One form of teaching abstinence could be to share stories with teenagers about bad experiences that could result from sexual interaction.
For example, a study found that sex outside marriage, and sex that occurs under out-of-the-norm circumstances, may increase the risk of penile fractures, said study researcher Dr. Andrew Kramer, a urologist at the University Of Maryland Medical Center.
If the “Ten Commandments” wasn’t enough to keep you from having an affair, perhaps science will.
Of course, sex education doesn’t need funky stories to make it more interesting to students since the subject is, after all, sex. However, it could help illustrate the consequences to our actions.
A woman from New Zealand went to the hospital for a paralyzed arm which turned out to be the result of a minor stroke that came from a hickey, according to an ABC report.
“Because it was a love bite, there would be a lot of suction. Because of the physical trauma, it had made a bit of bruising inside the vessel” causing a clot, Dr. Teddy Wu, who treated the patient, told the New Zealand press. The clot apparently resulted in a stroke.
While this appears to be the only documented case of a hickey-related stroke, it’s interesting to see how passion can turn into painful injury.
Clearly, this won’t change the rate of love bites—
“No Ben, don’t bite my neck, I don’t want the blood to clot giving me a stroke!”
(Hey, it could happen!)
Talking to kids about oral sex? You’re going to love this one:
Dr. Jaswant Rai, a doctor in India, recently had an unidentified 27-year-old female patient who had a runny nose, persistent cough and a fever for six months. She’d been on antibiotics but nothing worked. So Dr. Rai ran a few tests, before he finally stuck a camera down the woman’s throat and found a prophylactic in her lungs.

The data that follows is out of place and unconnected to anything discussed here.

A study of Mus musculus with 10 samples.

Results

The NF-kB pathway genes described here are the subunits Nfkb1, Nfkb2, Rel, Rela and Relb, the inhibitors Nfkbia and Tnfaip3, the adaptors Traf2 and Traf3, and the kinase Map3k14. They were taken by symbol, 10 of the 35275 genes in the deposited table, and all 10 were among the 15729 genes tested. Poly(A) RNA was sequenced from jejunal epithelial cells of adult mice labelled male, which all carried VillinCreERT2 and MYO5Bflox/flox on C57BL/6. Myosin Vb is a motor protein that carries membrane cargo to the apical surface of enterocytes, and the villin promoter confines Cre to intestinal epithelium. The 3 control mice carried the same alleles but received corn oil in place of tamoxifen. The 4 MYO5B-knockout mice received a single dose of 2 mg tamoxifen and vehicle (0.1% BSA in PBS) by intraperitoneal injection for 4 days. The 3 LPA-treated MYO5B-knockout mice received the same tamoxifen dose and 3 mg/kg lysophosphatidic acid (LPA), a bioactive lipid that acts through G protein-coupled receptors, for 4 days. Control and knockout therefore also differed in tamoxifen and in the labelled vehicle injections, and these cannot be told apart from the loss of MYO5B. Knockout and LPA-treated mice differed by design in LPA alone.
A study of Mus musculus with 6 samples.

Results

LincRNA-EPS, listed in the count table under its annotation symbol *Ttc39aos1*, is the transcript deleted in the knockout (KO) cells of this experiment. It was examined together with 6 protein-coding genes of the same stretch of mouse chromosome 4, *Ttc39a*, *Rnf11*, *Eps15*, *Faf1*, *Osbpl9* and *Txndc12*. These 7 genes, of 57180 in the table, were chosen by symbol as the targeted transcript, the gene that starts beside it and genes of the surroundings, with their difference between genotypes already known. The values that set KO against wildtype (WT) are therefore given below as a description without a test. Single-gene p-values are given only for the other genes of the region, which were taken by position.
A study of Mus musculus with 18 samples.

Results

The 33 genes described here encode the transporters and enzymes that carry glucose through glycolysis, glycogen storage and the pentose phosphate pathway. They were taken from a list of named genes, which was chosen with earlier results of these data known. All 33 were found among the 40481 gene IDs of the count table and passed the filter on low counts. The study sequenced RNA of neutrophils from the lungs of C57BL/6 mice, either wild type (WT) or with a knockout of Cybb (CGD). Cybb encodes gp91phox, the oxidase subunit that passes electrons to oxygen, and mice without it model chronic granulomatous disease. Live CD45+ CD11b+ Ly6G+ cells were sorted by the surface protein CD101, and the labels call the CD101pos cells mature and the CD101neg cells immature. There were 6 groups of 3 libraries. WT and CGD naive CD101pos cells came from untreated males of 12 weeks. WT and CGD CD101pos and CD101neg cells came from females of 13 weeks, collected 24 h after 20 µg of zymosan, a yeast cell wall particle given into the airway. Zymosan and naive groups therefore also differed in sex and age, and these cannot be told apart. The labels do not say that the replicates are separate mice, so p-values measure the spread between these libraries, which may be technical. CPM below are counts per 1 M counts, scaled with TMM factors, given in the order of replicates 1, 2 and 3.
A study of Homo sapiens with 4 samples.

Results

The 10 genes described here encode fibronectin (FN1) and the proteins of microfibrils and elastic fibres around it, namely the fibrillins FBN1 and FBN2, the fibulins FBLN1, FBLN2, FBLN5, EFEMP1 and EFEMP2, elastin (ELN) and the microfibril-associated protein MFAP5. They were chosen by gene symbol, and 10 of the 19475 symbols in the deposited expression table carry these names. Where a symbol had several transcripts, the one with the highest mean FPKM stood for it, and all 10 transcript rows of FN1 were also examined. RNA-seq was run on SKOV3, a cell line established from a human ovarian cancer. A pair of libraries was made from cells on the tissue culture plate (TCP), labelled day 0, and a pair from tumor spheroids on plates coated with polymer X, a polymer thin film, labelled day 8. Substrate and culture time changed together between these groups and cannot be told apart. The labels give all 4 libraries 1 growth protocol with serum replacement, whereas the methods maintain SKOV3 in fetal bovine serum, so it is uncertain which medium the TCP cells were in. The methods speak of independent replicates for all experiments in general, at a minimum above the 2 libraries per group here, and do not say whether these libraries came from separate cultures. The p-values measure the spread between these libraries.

It seems the woman accidentally inhaled a condom while performing fellatio, and didn’t realize it.
According to the abstract, “Videobronchoscopy revealed an inverted bag like structure in right upper lobe bronchus and rigid bronchoscopic removal with biopsy forceps confirmed the presence of a condom.”
All I can is: she is either very good at performing oral sex or very, very bad.
The point of this article is to convey the idea that there are many ways to teach a subject—whether you are a parent or a schoolteacher, children need to know how seemingly harmless actions can lead to dangers to one’s health. It’s not a matter of paranoia; it’s a matter of awareness. We all know that feeling invincible can be a common thing for a teenager or young adult. Sometimes a little vulnerability can go a long way—real stories, I argue, potentially have more of an impact than standard textbooks.